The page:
We check out a near-finished PS2 version of Bandai's anime-inspired action game.


Earlier today, at a Bandai press event in San Francisco, we had an opportunity to get our hands on a near-finished PlayStation 2 version of D.I.C.E., which is scheduled for release in North America on September 20. Based on the popular anime of the same name, D.I.C.E. (DNA Integrated Cybernetic Enterprises) is a single-player action game in which you'll assume the role of one of 11 different characters from the show, each with his or her own Dinobreaker mount. Dinobreakers are machines that can transform between vehicle modes and dino modes at the push of a button. For example, you can have a motorcycle that turns into a raptor.

Each of the Dinobreaker mounts has different melee attacks when in dino form, in addition to different handling characteristics when used as a vehicle. As a result, you'll almost certainly want to experiment with a number of them to find the one that best suits your playing style. You'll also have the option to augment your mount with one of a number of different bots, including ranged weapons that will circle around you until they're called upon to deal out some damage. Bot options available to us during our time with D.I.C.E. included lasers, lightning attacks, missiles, grenades, and a handful of others. All were different but extremely effective...and extremely easy to use.

Most of the six or seven missions we played lasted only a few minutes and required us to do little more than destroy a few waves of enemies. Our adversaries were quite varied in terms of their appearances and attack patterns, but given that it's basically impossible to miss your targets (you can hit multiple enemies simultaneously) when you use your ranged weapon, the only real challenge came from trying to avoid their attacks, which, even while battling the occasionally problematic camera, wasn't terribly difficult. Other objectives we had to complete included hitting inanimate objects a few times to unlock doors, knocking four large balls into something resembling the pockets on a pool table, and using our vehicle form to hit a number of checkpoints within a time limit. And all of these were about as difficult as they sound.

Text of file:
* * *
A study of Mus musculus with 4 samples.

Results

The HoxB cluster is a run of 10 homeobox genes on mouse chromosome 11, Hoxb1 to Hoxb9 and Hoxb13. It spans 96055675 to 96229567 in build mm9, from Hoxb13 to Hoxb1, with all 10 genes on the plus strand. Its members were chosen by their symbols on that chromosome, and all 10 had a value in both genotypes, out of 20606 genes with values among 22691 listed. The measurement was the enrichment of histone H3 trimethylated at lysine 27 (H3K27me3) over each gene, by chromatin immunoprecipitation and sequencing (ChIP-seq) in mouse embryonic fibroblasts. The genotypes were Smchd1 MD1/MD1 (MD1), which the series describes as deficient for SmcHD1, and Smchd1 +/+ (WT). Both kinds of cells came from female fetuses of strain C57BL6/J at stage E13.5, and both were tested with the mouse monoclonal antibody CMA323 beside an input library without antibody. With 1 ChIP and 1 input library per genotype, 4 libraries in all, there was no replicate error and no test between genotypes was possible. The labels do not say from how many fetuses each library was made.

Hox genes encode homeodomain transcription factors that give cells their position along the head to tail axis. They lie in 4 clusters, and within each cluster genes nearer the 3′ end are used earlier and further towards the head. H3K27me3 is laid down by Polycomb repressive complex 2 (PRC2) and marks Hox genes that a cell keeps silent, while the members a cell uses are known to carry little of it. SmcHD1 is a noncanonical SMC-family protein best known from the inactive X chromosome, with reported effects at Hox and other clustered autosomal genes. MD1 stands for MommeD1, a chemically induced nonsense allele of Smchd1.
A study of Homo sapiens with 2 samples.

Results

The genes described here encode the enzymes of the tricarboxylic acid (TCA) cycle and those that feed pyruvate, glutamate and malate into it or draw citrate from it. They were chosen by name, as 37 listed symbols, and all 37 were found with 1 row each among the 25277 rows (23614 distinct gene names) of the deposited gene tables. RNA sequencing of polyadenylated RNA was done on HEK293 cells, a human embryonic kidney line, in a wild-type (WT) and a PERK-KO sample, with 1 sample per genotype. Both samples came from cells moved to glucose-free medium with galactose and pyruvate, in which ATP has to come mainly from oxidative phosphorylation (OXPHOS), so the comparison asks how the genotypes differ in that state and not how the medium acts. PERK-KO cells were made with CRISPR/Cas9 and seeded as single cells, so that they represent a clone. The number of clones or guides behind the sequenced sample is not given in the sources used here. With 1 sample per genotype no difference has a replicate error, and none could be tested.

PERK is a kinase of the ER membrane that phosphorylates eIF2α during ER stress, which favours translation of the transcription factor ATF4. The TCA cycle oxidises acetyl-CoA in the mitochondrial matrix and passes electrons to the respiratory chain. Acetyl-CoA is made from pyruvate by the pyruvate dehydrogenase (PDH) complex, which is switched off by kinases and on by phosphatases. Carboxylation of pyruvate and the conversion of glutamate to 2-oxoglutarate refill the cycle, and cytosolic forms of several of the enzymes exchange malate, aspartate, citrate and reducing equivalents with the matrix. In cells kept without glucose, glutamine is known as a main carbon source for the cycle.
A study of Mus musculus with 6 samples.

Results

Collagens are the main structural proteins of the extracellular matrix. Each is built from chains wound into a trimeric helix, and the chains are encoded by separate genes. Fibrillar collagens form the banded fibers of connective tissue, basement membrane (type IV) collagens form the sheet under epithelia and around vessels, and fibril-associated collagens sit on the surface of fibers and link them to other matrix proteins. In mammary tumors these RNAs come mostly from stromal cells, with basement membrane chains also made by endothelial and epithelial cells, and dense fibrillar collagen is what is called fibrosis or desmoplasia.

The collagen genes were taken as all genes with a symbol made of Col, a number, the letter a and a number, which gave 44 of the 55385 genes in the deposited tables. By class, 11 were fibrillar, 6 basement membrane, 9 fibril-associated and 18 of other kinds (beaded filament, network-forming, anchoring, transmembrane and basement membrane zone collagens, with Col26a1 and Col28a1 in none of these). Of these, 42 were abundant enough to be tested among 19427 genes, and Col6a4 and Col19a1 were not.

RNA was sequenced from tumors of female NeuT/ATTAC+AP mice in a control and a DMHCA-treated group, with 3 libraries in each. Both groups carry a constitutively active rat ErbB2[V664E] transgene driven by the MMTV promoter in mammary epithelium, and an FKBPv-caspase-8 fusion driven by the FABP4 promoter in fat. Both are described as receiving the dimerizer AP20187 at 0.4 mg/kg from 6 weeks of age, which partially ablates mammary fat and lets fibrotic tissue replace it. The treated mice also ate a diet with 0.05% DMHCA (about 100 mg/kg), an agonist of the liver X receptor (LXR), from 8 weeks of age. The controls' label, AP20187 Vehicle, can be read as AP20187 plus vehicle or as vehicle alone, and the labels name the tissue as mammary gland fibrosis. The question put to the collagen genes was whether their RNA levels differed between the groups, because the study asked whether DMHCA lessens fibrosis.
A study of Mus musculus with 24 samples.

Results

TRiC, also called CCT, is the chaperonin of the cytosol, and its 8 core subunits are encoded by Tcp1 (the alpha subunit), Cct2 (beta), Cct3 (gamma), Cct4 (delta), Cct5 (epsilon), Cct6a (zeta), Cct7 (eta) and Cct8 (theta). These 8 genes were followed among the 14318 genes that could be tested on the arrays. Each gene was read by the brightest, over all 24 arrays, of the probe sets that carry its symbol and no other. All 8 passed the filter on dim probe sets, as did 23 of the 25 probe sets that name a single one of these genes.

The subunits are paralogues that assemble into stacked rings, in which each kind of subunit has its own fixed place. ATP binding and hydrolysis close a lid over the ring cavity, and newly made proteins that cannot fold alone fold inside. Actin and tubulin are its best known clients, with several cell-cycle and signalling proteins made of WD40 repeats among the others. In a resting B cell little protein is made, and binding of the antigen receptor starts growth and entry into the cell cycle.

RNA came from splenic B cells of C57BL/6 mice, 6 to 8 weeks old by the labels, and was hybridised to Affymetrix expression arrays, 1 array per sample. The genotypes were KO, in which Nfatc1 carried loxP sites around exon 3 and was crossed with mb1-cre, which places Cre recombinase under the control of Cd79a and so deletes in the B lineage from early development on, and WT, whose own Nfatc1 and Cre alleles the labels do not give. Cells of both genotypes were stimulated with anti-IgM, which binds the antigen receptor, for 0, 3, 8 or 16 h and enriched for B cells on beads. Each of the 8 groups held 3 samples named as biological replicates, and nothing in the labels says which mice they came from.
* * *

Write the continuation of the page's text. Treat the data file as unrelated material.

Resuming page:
After playing through a handful of levels, we were confronted by an impressive-looking boss who occupied almost the entire screen and boasted a number of different melee and ranged attacks. The boss's patterns were easy to figure out, though, and defeating it didn't take more than a few minutes. D.I.C.E. is aimed at a relatively young audience, of course, so our pointing out that we found the game easy isn't necessarily a criticism. What's strange, though, is that both the game's racing levels that we checked out were far more challenging, and not in a good way.

The handling of the Dinobreakers we raced with felt pretty good, for the most part. We were able to hit a boost button on the straights and jumps, and we were able to hit the brakes to slide around most corners without too much difficulty. The main problem, though, was that we found the course designs to be a little confusing in places, and the only way for us to figure out which way we were supposed to go after an onscreen message let us know that we were going backward was to wait for our opponents to catch up to us so we could follow them. The other problem was that any time we managed to fly off the track and into oblivion, the delay that occurred as we were repositioned on the track was made worse, because for no good reason, we were then required to manually get our rider back onto the Dinobreaker. The races will no doubt be a lot easier once you know the circuits, but given how easy we found the rest of the game, we were a little surprised to find ourselves anything other than first across the finish line.

We'll bring you more information on D.I.C.E. as soon as it becomes available.